Nogales, Ariz. — Inspections of inbound vehicles and pedestrians by U.S. Customs and Border Protection officers at the Port of Nogales, Ariz., resulted in the seizure of large amounts of narcotics this past weekend.
From Friday, Nov. 19, through Sunday, Nov. 21, officers processed approximately 75,000 travelers. Through the course of the weekend officers seized more than 236 pounds of marijuana, more than two pounds of methamphetamine and nearly 160 pounds of cocaine. The street value of the narcotics seized is estimated at $2 million.
The contraband was hidden in various compartments of vehicles. Narcotics were also found strapped to a traveler’s body.
The weekend seizures began on Friday, Nov. 19, at approximately 7:50 a.m., when a 34-year-old man from Nogales, Sonora, was referred to secondary for further inspection at the Dennis DeConcini pedestrian entry. The inspection resulted in the discovery of more than two pounds of methamphetamine strapped to the man’s legs.
Later that same day at the primary vehicle lanes at the Mariposa POE, CBP officers encountered a 23-year-old man from Nogales, Sonora, driving a 1998 Dodge Durango. The man and vehicle were referred to secondary area for further inspection. A search of the vehicle’s gas tank resulted in a seizure of 28 packages of marijuana totaling more than 81 pounds.
Friday, Nov. 19 activity ended with the seizure of more than 21 pounds of cocaine concealed in a 2002 Dodge Intrepid driven by a 20-year-old man from Rio Rico, Arizona.
On Saturday, Nov. 20, at approximately 11 a.m., CBP officers referred for inspection a Ford Fiesta with two male occupants from Hermosillo Sonora, Mexico. The vehicle was found to contain 24 packages of marijuana totaling more than 85 pounds.
On Sunday, Nov. 21, at approximately 10:30 a.m., CBP officer working DeConcini encountered a 45-year-old male from Guamuchil, Sinaloa, Mexico driving a 2008 Toyota FJ Cruiser. The vehicle inspection resulted in the discovery of 57 packages of cocaine totaling more than 138 pounds.
Later that Sunday at approximately 1:20 p.m., a man and woman from Hermosillo, Sonora, Mexico, aboard a 1999 Ford F-150 were encountered at the DeConcini Port of Entry. The vehicle and the two travelers were referred to secondary for further inspection. A search of the pickup truck resulted in the discovery of seven packages of marijuana totaling more than 69 pounds.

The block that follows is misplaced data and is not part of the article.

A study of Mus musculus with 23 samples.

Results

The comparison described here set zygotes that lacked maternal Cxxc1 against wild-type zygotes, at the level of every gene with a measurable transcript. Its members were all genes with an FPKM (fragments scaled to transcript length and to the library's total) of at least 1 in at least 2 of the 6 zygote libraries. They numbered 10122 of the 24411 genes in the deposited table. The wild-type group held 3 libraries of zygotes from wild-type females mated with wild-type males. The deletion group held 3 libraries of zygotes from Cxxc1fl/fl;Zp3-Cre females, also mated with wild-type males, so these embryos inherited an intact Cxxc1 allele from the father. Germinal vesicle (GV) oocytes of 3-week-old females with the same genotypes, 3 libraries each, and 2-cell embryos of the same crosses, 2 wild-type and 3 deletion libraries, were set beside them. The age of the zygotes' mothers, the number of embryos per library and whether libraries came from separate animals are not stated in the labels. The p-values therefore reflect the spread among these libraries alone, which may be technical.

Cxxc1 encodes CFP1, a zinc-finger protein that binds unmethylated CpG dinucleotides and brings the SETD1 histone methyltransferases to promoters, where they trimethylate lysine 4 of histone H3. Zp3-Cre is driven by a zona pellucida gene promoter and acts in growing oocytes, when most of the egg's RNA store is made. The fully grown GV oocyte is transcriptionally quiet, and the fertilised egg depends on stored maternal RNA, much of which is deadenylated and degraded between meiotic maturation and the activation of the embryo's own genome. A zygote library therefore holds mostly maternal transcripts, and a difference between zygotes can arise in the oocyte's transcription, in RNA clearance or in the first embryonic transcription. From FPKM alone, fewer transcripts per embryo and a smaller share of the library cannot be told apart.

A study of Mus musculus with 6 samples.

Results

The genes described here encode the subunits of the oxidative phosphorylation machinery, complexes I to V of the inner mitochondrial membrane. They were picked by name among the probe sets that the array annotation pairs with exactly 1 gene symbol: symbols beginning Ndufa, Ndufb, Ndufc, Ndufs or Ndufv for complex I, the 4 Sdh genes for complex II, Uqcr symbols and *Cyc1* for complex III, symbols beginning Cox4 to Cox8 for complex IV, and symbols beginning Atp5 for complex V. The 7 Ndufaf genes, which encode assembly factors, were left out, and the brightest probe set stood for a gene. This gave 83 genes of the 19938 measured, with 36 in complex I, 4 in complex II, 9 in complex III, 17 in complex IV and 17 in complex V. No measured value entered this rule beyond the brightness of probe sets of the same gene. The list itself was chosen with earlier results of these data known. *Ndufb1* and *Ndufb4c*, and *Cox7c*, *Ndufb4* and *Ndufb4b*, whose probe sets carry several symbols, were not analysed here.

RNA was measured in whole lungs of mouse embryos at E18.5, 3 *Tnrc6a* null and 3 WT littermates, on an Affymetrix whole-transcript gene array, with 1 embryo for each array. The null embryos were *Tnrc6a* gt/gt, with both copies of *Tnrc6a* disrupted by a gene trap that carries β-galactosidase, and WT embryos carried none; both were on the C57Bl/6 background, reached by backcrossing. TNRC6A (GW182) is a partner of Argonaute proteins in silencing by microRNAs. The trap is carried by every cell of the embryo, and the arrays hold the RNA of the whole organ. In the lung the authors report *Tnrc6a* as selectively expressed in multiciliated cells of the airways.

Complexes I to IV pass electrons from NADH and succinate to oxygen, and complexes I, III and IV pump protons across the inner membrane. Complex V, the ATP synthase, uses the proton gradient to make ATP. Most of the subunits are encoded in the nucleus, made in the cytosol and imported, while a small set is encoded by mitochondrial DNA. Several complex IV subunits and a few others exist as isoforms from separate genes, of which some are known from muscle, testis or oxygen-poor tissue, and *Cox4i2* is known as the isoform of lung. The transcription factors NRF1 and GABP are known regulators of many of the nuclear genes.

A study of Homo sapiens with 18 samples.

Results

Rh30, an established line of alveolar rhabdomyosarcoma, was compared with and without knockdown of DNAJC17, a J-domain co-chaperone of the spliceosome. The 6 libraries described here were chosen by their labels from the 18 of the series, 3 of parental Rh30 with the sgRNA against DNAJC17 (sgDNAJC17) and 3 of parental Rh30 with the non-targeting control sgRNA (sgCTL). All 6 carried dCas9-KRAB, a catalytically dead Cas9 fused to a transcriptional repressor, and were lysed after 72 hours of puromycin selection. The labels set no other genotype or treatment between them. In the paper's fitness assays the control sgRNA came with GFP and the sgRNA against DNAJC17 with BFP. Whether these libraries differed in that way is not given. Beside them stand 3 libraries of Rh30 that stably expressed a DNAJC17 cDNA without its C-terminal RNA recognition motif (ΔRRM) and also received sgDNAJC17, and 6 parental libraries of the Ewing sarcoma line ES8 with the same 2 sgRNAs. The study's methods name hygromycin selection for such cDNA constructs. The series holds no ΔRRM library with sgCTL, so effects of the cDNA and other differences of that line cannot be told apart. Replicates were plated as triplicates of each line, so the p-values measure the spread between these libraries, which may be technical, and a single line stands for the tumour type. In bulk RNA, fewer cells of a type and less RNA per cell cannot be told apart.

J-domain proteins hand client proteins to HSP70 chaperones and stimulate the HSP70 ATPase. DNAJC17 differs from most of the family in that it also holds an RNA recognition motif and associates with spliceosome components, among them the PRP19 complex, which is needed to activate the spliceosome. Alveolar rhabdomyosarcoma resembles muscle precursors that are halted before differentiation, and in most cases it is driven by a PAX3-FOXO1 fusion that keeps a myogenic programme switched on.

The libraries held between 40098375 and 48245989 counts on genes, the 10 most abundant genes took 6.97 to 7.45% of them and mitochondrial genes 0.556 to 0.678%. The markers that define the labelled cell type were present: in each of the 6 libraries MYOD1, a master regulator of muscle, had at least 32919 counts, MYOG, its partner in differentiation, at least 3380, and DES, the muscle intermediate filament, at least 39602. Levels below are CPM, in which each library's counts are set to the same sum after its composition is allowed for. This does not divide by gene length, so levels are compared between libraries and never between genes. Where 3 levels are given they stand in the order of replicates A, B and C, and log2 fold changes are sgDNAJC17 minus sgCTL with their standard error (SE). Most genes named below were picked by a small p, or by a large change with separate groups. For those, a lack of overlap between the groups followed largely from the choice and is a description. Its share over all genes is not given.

In all seizures, the narcotics and vehicles were seized and suspects were turned over to Immigration and Customs Enforcement for further investigation.
Nogales Port Director Guadalupe Ramirez commended his officers by saying “Our enforcement efforts this weekend are a direct result of the hard work, dedication and commitment of our employees.”
U. S. Customs and Border Protection is responsible for securing our borders at the ports of entry. Our officers’ primary mission is anti-terrorism; they screen all people, vehicles, and goods entering the United States, while facilitating the flow of legitimate trade and travel into and out of the United States. Their mission also includes carrying out traditional border-related responsibilities, including narcotics interdiction, enforcing immigration law, protecting the nation’s food supply and agriculture industry from pests and diseases, and enforcing trade laws.
While anti-terrorism is the primary mission of U.S. Customs and Border Protection, the inspection process at the ports of entry associated with this mission results in impressive numbers of enforcement actions in all categories.
U.S. Customs and Border Protection is the unified border agency within the Department of Homeland Security charged with the management, control and protection of our nation's borders at and between the official ports of entry. CBP is charged with keeping terrorists and terrorist weapons out of the country while enforcing hundreds of U.S. laws.